STANDARD AND POOR’S RATING OF GHANA’S ECONOMY CALLS FOR MORE WORK

THE Standard and Poor’s Financial Service Company LLC (S&P), one of the  three credible rating agencies, in a report, upgraded the country to B rating category, up from B-, based on the policy effectiveness and stable economic outlook.

The rating of the economy comes at the time that there is heated public debate about the performance of the economy, especially the depreciation of the cedi against the major foreign currencies. Though the debate is intellectual, the politics of it, make murky and confusing to the ordinary man.

The Minister of Information designate, Kojo Oppong Nkrumah told the media after the release of the report that “We consider it as feedback and affirmation of our submission that the economy of Ghana and its fundamentals are gradually getting better.”

He submitted that the fundamentals are getting better; assuring that the government is committed to pursuing a strong monetary policy environment and continuously improving on the financial sector and fiscal policy.

The Ghanaian Times is convinced that further prudent management of the economy, can push the ratings a notch higher to a category for the economy to expand to enable it address the needs of the people.

In all honesty, times are “hard” especially when there is speculation of marginal increases in the cost of fuel which often triggers increase in basic goods and services, giving rise to public outcry.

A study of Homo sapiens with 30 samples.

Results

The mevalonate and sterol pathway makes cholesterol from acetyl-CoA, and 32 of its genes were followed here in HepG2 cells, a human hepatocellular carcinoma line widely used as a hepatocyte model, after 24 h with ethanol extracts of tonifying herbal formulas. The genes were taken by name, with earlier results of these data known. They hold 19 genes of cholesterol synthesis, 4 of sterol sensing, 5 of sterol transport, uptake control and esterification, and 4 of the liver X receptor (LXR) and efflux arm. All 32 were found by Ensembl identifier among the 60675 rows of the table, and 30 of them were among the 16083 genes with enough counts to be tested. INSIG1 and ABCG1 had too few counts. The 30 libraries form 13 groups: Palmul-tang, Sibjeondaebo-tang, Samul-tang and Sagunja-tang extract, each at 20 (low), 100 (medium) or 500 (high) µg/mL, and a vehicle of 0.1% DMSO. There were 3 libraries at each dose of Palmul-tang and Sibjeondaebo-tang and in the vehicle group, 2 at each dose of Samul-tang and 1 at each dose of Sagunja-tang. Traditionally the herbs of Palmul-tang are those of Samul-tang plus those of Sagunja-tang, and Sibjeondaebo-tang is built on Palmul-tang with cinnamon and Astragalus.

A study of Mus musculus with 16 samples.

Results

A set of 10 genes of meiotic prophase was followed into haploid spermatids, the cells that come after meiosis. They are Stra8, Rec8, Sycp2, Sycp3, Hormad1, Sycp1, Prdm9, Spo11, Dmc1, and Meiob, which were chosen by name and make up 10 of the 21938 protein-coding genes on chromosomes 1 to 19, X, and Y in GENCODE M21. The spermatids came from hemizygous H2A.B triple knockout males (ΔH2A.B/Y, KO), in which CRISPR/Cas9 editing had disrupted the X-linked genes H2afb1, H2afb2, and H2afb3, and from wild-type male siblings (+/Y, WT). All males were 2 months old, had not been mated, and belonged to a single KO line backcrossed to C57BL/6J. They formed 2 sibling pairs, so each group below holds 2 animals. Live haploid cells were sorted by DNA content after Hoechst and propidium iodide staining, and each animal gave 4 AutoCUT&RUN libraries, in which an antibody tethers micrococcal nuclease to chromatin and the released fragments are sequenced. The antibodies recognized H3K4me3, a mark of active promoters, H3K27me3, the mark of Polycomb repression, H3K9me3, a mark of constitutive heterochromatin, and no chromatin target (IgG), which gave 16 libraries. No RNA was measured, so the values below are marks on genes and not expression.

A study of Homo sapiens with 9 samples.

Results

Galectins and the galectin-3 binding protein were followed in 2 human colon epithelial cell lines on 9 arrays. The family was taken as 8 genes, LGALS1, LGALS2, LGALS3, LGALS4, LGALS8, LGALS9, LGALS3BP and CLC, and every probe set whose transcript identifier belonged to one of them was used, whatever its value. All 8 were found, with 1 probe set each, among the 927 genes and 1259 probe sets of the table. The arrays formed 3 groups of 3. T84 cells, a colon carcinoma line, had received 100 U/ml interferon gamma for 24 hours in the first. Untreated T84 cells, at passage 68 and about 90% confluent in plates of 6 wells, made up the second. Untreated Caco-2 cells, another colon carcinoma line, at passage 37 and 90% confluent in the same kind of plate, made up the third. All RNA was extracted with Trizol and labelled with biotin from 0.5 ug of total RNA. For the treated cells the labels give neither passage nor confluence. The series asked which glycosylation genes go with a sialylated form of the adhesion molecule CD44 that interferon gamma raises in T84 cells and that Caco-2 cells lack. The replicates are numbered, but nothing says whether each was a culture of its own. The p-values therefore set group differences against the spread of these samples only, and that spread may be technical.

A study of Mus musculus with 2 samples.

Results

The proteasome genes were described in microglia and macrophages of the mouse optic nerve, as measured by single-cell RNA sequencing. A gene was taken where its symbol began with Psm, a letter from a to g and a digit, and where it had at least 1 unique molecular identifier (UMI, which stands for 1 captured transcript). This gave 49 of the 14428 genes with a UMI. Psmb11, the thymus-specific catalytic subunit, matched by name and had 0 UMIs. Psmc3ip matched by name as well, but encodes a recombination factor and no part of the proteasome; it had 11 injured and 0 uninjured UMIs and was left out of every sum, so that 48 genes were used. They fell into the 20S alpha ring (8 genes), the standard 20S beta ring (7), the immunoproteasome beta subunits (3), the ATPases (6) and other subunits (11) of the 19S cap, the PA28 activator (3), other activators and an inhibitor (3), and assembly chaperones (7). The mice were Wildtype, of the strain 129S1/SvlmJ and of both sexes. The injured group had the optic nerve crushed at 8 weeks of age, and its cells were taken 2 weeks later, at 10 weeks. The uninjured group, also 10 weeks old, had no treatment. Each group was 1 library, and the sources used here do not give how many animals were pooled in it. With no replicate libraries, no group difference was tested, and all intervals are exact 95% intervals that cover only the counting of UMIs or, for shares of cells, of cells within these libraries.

Indeed, the economy has been doing well over the years, albeit, some challenges. It has drastically reduced poverty in the country, though we still have some pockets of areas which are less endowed geographically.

As a matter o fact Ghana was the first sub-Saharan African country to have achieved the Millennium Development Goal one in reducing the proportion of people living in extreme hunger and poverty.

We are aware that the overall aim of the government economic development policies, as captured in the Coordinated Programme of Economic and Social Development Policies (2017-2024), is to stablise the economy and stimulate growth to an average of 7.2 and increase, at least, the per capita Gross Domestic Product which was around $1,515.6 in 2016 to projected $3,500 by 2024.

However, there are many areas of the economy that need serious attention. For instance in the coordinated Programme of Economic and Social Development Polices (2017-2024), it was noted that “The composition of Ghana’s merchandise exports has not experienced any transformation over the years. The country continues to export primary commodities such as unprocessed minerals, raw agricultural products, and crude oil, together contributing 86 per cent of the country’s total export.”

It further states: “To build an industrialised, inclusive, and resilient economy, manufacturing must be revived by tackling the core constraints, including a persistently unstable macroeconomic environment, underdeveloped and weak financial markets that put long-term capital beyond the reach of most business operators, relatively weak economic infrastructure and poor public sector service delivery.”

The conclusion we draw is that the management of the economy needs all hands on deck. Governments as expected must give direction in the management of the economy, through the implementation of the appropriate policies.

Beyond that, it behoves us to play our part in contributing to national development by taking our destiny into our own hands: through attitudinal change, believing in ourselves, tone down on cynicism, be proud of the goods and service that we produce, as we grow what we eat and wear what we produce.

That is the way to go to ensure economic prosperity for our country.